Single-shared-prong rings, halos and paperclips lead the way.





Yes, we all love jewelry, but … is there a trend or style of jewelry that you personally despise?
  • We’ve grown weary of the paperclips, not that it’s even really been a trend in our area yet. Some clients have told us they don’t want to get on that train, as it’s too reminiscent of work-from-home and hold-it-together sentiments from 2020 and the pandemic. — Jill K., Danielson, CT
  • I hate belly chains and intricate torso-lassos. They are hard to get on correctly, utterly ridiculous looking and impossible to lounge around in. I hate giant, obviously fake “gems,” and I hate the logomania I’m seeing. Looking at you, Chanel and Moschino. I really loathe the plastic-look chunky chains and ‘80s mall culture flashback jewelry crap. It looks cheap and panders to those of us who wanted virtually that same pair of earrings when we were 13 but our moms wouldn’t buy them and we were too afraid to shoplift them. Now that we can afford them, why would we want to have those tacky things as adults? We take our kids and nieces to Claire’s; we don’t shop there for ourselves. I better stop now or I’ll move on to my contempt for nap dresses. I have a lot of opinions … — Eri., Lancaster, PA
  • Grills. — Gary W., Richmond, VA
  • OMG if one more person requests a single-shared-prong band (engagement ring mounting or wedding band), I’m gonna scream. SO accident prone. Hard to warranty. — Lucy C., Overland Park, KS
  • Salt-and-pepper diamonds. — Dave F., Bountiful, UT
  • Silicone wedding bands. — Annette K., Stillwater, OK
  • Chocolate diamonds! It’s nice that someone capitalized on this, but not for me. — Laurie C., Hyde Park, NY
  • Alternative metal wedding bands, but especially the black PVD bands. Are you still going to like that when you’re 70? — Becky B., Peabody, MA
  • Cluster rings! The horror! The loose diamonds! “I don’t know what happened, I just looked down and it was gone!” — Mary Jo C., Rutland, VT
  • Hearts. Wire-wrapped jewelry. Designer logo jewelry. Fake anything. Pandora charms. Prongy rings. I could go on for three days … — Gretchen S., Sherman Oaks, CA
  • All these tiny diamonds set with prongs so small they can’t hold a stone in place. — Sue P., Excanaba, MI
  • Tired of the halos … we need something exciting to sell. — Donnie B., Gainesville, FL
  • “Sugar coated” (pave style) engagement rings. — Lee K., Cincinnati, OH
  • Pandora and all related glass bead bracelets! — Jane J., Salem, VA
  • I’m over halo! (Except for anyone that wants to buy one…😆) — Tom N., Spencer, IA
  • Invisible set and cheap micro-set rings … to the back of the line, please! You cause me and my customers more grief, heartache, and headaches than tax season and that’s saying something. — Kyle B., Roswell, NM
  • I don’t like knockoff designer pieces, and I can’t stand a large London blue topaz pave ring set in white gold. — Laura K., Oak Park, IL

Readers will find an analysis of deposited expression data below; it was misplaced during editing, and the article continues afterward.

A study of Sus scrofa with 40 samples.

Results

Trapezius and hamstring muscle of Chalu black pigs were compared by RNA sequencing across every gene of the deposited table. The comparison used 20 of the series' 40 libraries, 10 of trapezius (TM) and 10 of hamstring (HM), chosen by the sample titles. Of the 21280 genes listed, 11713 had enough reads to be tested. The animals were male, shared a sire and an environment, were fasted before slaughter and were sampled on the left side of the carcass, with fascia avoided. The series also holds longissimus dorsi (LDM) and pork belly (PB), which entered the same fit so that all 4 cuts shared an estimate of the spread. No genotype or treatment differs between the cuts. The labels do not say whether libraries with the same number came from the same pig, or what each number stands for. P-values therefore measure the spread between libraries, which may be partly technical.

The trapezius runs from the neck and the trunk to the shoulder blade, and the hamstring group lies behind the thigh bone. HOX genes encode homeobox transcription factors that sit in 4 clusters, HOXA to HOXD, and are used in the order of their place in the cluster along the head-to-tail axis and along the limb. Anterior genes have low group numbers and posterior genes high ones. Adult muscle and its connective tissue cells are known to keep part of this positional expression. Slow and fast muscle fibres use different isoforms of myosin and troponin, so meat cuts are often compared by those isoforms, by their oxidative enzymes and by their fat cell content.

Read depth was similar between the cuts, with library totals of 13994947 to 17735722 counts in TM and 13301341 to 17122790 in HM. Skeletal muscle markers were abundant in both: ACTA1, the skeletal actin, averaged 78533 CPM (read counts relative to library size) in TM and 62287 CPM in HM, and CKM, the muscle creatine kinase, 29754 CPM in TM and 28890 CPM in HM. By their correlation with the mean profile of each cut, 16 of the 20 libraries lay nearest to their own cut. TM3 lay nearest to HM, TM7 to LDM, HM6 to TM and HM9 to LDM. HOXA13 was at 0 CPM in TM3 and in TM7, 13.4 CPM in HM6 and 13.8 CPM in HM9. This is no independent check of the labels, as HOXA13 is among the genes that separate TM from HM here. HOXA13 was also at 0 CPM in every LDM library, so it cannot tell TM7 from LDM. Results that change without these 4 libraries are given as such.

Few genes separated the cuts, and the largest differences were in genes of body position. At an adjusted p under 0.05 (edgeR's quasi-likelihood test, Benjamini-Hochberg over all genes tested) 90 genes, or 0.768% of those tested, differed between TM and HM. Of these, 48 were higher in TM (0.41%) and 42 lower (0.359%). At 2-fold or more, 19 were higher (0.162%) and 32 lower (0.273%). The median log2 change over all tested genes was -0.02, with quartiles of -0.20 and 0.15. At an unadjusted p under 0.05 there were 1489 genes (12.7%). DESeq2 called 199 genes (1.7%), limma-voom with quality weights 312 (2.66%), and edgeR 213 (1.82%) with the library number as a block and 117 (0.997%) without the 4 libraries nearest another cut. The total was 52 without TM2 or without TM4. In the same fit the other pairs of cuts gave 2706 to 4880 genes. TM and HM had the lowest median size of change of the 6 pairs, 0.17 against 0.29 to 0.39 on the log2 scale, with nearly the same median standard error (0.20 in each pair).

• Micro … Tiny diamond pieces and invisible sets!!! — Sherrie S., Tigard, OR
  • I like and admire almost anything that someone put a strong effort into making it. Whether it be design, strength or looks. As long as it isn’t an ultra-thin, inefficient mass-produced retread just to make a buck. — Rick N., Fernandina Beach, FL
  • The pearl and diamond engagement ring! — Cathy M., Austin, TX
  • Shepherd hook earrings of any metal. My customers constantly lose them when wearing winter coats and masks. They think we should replace them because they are defective. — Christine M., Boyertown, PA
  • The common trendy pieces turn me off … circle of diamonds, sideways cross, bar pendant … jewelry should be special, and wearing a piece should make you special. — Steven W., Chatham, MA
  • The giant, too-tall rings that are just meant to attract attention. — Laura P., St. Robert, MO
  • The very organic looking stuff! Looks amateur! — Kas J., Jefferson City, MO
  • Marcasite. Dark, dull, ugly. — Janne E., Cocoa, FL
  • Nope. To each his own. It is called PERSONAL adornment because it is personal! That said, I hate claw prongs. Looks like lazy work to me. — Jo G., Oconomowoc, WI
  • I loathe watches that have bands that need a virtual master goldsmith to add or take out a link. This makes jewelers HATE watches!! Many years ago, we actually considered dropping watches altogether because watch band issues cost us potential diamond customers. — J. Dennis P., Johnstown, PA
  • Single-shared-prong eternity bands. They look great in pictures, very delicate and you get to see the roundness of each diamond, but they just don’t stay! Constant repairs! We no longer make them. — Jeremy A., Los Angeles, CA
  • Anything that everyone wears … Let’s not be sheep … — Ellie T., Chicago, IL
  • Paperclip jewelry, anything hollow. — Tim W., Yorktown, VA
  • Men in pearls. — Krystal S., Plymouth, MI

What’s the Brain Squad?

If you’re the owner or top manager of a U.S. jewelry store, you’re invited to join the INSTORE Brain Squad. By taking one five-minute quiz a month, you can get a free t-shirt, be featured prominently in this magazine, and make your voice heard on key issues affecting the jewelry industry. Good deal, right? Sign up here.



When the Kids Have Their Own Careers, Wilkerson Can Help You to Retire

Alex and Gladys Rysman are the third generation to run Romm Jewelers in Brockton, Mass. And after many decades of service to the industry and their community, it was time to close the store and take advantage of some downtime. With three grown children who each had their own careers outside of the industry, they decided to call Wilkerson. Then, the Rysmans did what every jeweler should do: They called other retailers and asked about their own Wilkerson experience. “They all told us what a great experience it was and that’s what made us go with Wilkerson.” says Gladys Rysman. The results? Alex Rysman says he was impressed. “We exceeded whatever I expected to do by a large margin.”